2018-03-13 / Academics

Fund Balance, Health Insurance and Building Repairs Top WCS 2018-19 Budget Talks

By Lillian Browne

Townsend Elementary Schoolon North Street in Walton. 
file photo Townsend Elementary Schoolon North Street in Walton. file photo WALTON - The Walton Central School Board of Education (BOE) held a 2018-19 proposed budget community participation session on March 8 to hear residents’ priorities for the upcoming school year.

No one from the public attended the session; and, according to Cuyle Rockwell, communication specialist from Capital Region BOCES, that’s indicative of the trust the public has in school board members, staff and administration.

District Business Manager Tim Maguire is analyzing costs and revenue trends to compile a budget which will not be finalized until state school aid numbers become available. School aid for Walton is projected to increase over last year by 1.34 percent, or $172,898. It is unlikely the Governor’s office will veer too far from that number, Maguire said, which would allow the district to increase taxes by 1.56 percent, or an additional $100,476, and still remain under the state mandated two percent tax cap.

The district anticipates increased costs in special education, health care premiums for staff and contractual expenses, which Maguire likened to an unfunded mandate, or costs that districts are required by the state to pay, but are not state reimbursable.

Maguire indicated that recent trends lean toward a depletion of the district’s fund balance, or unallocated surplus, within the next three to four years, if it continues to be used to offset the annual tax levy.

Maguire compared the district’s fund balance to an individual’s savings account. If one uses that savings account to pay ongoing expenses, like monthly fuel or electric bills, it will “create problems down the road” in the event of an additional unanticipated cost or when the savings run out.

To address that, Maguire is “implementing cost containment strategies” or figuring out what is driving the district’s expenditures with the goal of reducing costs through efficiencies.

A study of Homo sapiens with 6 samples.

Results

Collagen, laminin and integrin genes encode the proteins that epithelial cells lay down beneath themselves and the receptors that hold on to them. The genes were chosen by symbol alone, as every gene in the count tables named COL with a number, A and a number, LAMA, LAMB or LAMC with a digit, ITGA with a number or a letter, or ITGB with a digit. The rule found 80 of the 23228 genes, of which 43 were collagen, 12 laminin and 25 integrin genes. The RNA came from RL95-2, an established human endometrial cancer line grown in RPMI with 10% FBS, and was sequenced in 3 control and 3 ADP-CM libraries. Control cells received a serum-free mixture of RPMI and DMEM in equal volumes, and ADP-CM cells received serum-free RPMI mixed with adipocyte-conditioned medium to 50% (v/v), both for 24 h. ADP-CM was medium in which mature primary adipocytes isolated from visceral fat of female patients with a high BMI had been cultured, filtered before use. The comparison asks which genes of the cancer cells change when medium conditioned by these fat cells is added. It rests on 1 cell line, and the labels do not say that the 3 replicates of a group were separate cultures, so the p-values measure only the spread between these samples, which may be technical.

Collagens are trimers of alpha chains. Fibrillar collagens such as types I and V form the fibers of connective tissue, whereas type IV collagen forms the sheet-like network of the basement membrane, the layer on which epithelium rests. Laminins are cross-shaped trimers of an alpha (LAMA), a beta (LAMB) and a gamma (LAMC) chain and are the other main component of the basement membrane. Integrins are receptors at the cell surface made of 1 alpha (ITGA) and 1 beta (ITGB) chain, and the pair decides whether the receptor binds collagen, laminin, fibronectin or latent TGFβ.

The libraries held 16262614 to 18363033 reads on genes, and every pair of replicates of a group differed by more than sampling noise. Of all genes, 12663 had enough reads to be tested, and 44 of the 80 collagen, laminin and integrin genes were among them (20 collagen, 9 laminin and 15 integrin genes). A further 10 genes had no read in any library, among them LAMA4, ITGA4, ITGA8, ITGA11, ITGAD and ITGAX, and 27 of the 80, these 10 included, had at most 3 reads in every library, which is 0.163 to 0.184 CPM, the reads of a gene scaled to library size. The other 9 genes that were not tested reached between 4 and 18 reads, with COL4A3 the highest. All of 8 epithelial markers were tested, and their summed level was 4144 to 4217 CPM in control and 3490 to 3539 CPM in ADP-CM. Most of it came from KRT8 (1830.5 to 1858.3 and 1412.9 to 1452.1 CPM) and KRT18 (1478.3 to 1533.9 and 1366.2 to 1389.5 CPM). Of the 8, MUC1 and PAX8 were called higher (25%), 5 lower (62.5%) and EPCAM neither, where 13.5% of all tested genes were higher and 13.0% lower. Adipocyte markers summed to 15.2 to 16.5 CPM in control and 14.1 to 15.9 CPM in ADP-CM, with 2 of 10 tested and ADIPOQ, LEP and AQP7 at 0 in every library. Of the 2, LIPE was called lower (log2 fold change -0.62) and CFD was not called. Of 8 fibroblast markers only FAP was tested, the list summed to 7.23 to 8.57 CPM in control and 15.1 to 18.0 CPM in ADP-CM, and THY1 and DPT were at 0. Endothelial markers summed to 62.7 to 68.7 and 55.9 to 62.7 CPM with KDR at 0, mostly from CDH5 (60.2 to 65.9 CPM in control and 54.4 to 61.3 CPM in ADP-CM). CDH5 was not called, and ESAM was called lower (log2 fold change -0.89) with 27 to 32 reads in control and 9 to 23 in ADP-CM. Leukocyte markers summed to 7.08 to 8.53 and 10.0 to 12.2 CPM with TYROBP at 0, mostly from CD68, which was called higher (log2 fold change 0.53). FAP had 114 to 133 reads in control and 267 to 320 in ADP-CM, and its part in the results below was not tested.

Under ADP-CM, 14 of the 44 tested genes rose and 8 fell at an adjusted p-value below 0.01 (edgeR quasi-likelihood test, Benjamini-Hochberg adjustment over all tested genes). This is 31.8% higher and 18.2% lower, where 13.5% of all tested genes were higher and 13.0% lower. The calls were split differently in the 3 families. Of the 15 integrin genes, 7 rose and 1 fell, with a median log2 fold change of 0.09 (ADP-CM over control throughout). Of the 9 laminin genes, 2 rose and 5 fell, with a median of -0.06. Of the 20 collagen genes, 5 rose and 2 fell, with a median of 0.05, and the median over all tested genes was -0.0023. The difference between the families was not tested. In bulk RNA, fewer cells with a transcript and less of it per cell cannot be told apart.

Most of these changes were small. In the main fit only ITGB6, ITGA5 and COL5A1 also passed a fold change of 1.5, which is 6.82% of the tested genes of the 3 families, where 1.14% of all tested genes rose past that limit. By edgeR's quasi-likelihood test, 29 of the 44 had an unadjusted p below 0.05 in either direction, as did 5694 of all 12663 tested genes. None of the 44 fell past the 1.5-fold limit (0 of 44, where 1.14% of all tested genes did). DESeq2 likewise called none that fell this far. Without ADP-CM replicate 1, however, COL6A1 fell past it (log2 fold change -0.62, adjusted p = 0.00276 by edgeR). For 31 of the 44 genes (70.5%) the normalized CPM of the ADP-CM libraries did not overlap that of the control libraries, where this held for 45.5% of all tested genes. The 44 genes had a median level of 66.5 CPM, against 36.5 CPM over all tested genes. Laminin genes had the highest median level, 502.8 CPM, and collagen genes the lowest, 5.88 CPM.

The dwindling fund balance is not a pressing issue in the upcoming budget, Maguire said.

The district’s employee health insurer, Superintendent Roger Clough said, has pledged not to increase premiums, though the current contract allows the insurance company to increase premiums with 60 days notice. When asked if staff could be required to shoulder the increase, Clough said, no, staff pays a fixed percentage of health care costs under their contract. The district would be largely responsible to pay for the increase. Any changes to that percentage would have to be written into the contract. The contract is currently under negotiation, Clough said.

Also discussed was the need to plan for facility maintenance or building repairs. Rockwell recommended that the board of education bring the community in on discussions about building projects or any other large expenses, early in the process. “It’s important for people to have a voice,” Rockwell said.

Townsend School repairs and upgrades have been placed on the back burner, as have gymnasium floor repairs, classroom lighting and repairs to locker rooms. WCS BOE President Ronda Williams suggested undertaking “smaller” projects by budgeting for them annually instead of waiting for them to become larger issues. These would still receive building aid, but not require to go out to bond.

Maguire said that though smaller projects present their own challenges, that it is a good strategy. A small-scale repair or upgrade project is not yet included in the upcoming budget.

It is anticipated that a preliminary 2018-19 budget will be released at the board of education’s April 17 meeting.

The next regularly scheduled Walton Central School BOE meeting is scheduled for tonight, March 13 at 6 p.m. There will be a public hearing on the 2018-19 budget on May 1 at 7 p.m. with a vote on the budget to be held on May 15 at the WCS School Bus Garage from noon to 9 p.m.